Worldwide, coastal communities' ethnomedicinal knowledge has been sporadically recorded and poorly understood. Based on the ethnomedicinal knowledge of the Seri people; a hunting-gathering and fishing society of Northwestern Mexico, this study assesses a) the biological richness of Seri ethnomedicinal knowledge, b) the fidelity level of Seri remedies, and c) the association between gender, age, years of formal schooling and Seri ethnomedicinal knowledge.
To assess the degree of ethnomedicinal knowledge proficiency, we conducted 75 open-ended semi-structured interviews collecting information on ethnomedicinal knowledge of marine and terrestrial organisms and the socio-demographic profile of each collaborator. With the support of primary collaborators, we collected the materials to be used as stimuli along our interviews. A correlation analysis was used to determine the relationship between gender, literacy and age with the ethnomedicinal knowledge proficiency. A paired t-test was used to determine differences in the number of remedies known by gender among members of the Seri community.
A total of 28 medicinal specimens were presented as stimuli material. Marine remedies (12 species), were represented by 4 algae, 3 mollusks, 3 echinoderms, on reptile, and one annelid. Terrestrial plants (13 species) were distributed in 12 families. About 40 % of marine preparations used the organism in whole. In contrast, 29 % of of the remedies involving plants made use of leafy branches. Stimuli materials are used against 17 ailments mainly, being diarrhea, colds, menstrual problems, and swelling the ailments against most organisms (44 %) are used for. Marine organisms presented higher fidelity level values overall, suggesting that lower fidelity levels in terrestrial plants reflect a process of continuous and ongoing experimentation with easily accessible biological materials. Highest fidelity level values were recorded for Atriplex barclayana (93.87 %) Batis maritima (84.37 %), and Turbo fluctuosus (84.21 %). Age moderately correlates to ethnomedicinal knowledge proficiency (r = 0.41). Conversely, years of formal schooling show a negative correlation with ethnomedicinal knowledge proficiency (r = -0.49). Significant differences (p <0.05) were observed on ethnomedicinal knowledge proficiency when gender groups were compared under a paired t-test.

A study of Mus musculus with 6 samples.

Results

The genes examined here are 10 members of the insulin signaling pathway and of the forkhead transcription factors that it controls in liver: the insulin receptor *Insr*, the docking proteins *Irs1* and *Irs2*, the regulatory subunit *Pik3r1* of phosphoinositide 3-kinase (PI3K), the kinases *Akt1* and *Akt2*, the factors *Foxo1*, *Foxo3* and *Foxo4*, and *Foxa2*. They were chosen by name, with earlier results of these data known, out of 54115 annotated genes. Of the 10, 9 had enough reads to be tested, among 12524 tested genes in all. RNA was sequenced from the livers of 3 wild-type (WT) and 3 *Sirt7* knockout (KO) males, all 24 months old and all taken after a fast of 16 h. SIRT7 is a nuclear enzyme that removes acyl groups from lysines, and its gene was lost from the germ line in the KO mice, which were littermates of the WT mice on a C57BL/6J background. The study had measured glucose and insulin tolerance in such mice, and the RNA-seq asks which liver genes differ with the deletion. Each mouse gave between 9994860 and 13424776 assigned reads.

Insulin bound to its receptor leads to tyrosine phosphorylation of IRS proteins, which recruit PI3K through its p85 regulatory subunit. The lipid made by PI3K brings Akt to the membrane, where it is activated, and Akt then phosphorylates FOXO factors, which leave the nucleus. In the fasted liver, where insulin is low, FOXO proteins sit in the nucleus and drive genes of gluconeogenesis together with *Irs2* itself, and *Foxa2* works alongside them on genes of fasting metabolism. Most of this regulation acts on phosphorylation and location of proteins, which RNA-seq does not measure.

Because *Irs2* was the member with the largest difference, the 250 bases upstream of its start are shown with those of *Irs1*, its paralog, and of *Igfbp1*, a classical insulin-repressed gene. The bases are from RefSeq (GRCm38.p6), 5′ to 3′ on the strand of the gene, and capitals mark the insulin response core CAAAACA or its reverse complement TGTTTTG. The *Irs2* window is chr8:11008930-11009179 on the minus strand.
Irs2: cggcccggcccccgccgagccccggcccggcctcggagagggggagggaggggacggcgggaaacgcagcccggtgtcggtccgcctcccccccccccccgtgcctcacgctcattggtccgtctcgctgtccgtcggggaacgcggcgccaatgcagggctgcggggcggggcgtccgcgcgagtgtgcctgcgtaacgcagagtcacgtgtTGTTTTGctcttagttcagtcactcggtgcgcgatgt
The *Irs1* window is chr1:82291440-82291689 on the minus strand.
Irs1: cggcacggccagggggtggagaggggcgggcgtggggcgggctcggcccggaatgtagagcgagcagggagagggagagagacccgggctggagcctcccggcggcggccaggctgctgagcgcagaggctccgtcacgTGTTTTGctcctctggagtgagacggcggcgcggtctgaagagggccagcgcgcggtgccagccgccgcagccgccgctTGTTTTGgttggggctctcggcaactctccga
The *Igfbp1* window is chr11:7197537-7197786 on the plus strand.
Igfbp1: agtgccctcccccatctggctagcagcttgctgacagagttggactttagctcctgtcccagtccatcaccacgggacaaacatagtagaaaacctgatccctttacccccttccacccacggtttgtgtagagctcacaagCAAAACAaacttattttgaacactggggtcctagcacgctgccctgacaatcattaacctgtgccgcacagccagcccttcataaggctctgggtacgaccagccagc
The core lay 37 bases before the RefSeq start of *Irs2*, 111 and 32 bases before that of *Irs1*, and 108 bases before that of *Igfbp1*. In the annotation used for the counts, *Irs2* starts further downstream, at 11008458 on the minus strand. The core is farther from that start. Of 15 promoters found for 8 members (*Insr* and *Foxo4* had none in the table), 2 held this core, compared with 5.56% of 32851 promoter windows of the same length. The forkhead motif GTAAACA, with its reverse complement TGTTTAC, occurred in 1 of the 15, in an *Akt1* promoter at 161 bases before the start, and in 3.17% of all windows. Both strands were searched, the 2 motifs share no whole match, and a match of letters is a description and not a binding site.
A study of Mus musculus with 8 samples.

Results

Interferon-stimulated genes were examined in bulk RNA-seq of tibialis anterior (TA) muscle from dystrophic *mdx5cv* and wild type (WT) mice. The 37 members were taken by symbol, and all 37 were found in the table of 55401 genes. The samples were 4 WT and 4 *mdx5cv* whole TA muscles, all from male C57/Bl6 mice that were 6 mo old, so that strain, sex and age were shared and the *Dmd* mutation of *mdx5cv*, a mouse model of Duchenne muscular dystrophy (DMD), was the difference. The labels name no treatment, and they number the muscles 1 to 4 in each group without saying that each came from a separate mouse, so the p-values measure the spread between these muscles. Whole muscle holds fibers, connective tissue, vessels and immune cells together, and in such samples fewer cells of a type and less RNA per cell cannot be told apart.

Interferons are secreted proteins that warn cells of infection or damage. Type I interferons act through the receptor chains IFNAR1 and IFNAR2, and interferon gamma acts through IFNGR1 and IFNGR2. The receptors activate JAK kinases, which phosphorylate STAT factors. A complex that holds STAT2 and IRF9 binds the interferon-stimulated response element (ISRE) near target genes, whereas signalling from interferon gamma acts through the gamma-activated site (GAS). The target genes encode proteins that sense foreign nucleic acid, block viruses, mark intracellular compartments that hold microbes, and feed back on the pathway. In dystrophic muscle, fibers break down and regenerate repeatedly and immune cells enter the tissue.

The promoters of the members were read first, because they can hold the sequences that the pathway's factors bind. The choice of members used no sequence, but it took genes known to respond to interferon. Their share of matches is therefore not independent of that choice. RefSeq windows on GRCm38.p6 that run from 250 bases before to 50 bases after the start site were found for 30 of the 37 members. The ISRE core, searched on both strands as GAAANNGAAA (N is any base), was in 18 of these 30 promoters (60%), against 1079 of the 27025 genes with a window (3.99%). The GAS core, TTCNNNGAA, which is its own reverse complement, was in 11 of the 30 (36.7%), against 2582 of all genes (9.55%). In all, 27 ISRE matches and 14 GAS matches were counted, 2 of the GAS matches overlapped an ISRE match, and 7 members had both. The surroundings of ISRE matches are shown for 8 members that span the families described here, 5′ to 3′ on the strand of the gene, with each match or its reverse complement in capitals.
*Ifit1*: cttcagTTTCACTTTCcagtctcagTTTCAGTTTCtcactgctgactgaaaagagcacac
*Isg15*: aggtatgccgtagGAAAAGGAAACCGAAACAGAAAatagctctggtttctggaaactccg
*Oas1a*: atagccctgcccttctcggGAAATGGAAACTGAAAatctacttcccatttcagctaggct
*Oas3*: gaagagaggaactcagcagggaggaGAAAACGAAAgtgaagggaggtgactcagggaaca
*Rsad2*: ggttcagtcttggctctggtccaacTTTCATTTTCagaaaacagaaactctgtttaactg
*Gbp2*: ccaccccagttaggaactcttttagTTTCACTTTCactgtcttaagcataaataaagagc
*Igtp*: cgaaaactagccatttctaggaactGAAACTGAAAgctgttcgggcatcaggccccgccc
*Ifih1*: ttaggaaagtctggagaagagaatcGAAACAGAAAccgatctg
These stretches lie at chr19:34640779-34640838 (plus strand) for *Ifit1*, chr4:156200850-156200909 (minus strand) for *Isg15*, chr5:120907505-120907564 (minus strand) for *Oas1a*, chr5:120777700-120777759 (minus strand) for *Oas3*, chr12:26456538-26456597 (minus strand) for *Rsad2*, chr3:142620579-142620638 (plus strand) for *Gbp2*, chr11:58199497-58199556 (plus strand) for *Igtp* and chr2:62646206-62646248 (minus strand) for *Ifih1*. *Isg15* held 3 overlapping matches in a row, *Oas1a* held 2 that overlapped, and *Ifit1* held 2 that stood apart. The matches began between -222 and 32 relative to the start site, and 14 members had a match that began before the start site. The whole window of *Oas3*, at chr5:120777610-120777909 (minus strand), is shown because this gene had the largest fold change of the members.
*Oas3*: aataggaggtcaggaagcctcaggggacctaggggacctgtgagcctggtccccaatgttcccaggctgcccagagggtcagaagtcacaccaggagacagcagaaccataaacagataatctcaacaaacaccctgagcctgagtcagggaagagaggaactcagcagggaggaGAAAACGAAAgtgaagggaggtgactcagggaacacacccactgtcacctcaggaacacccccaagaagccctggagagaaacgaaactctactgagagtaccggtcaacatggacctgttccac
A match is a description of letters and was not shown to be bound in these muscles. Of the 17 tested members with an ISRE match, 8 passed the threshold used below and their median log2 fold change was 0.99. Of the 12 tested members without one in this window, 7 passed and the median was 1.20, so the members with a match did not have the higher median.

This research contributes to describing the complex biodiversity present in the ethnomedicinal systems of coastal non-agricultural societies. In addition, our research improves our understanding of the role that gender plays in the intra-cultural distribution of ethnomedicinal knowledge among Seri. Our results broaden our understanding of human adaptations to coastal and xeric environments. This research can potentially benefit the development of proposals to improve coastal and marine resource management and conservation while strengthening ethnomedicinal knowledge systems in populations, such as the Seri, limited by precarious socio-economic conditions and inadequate health services.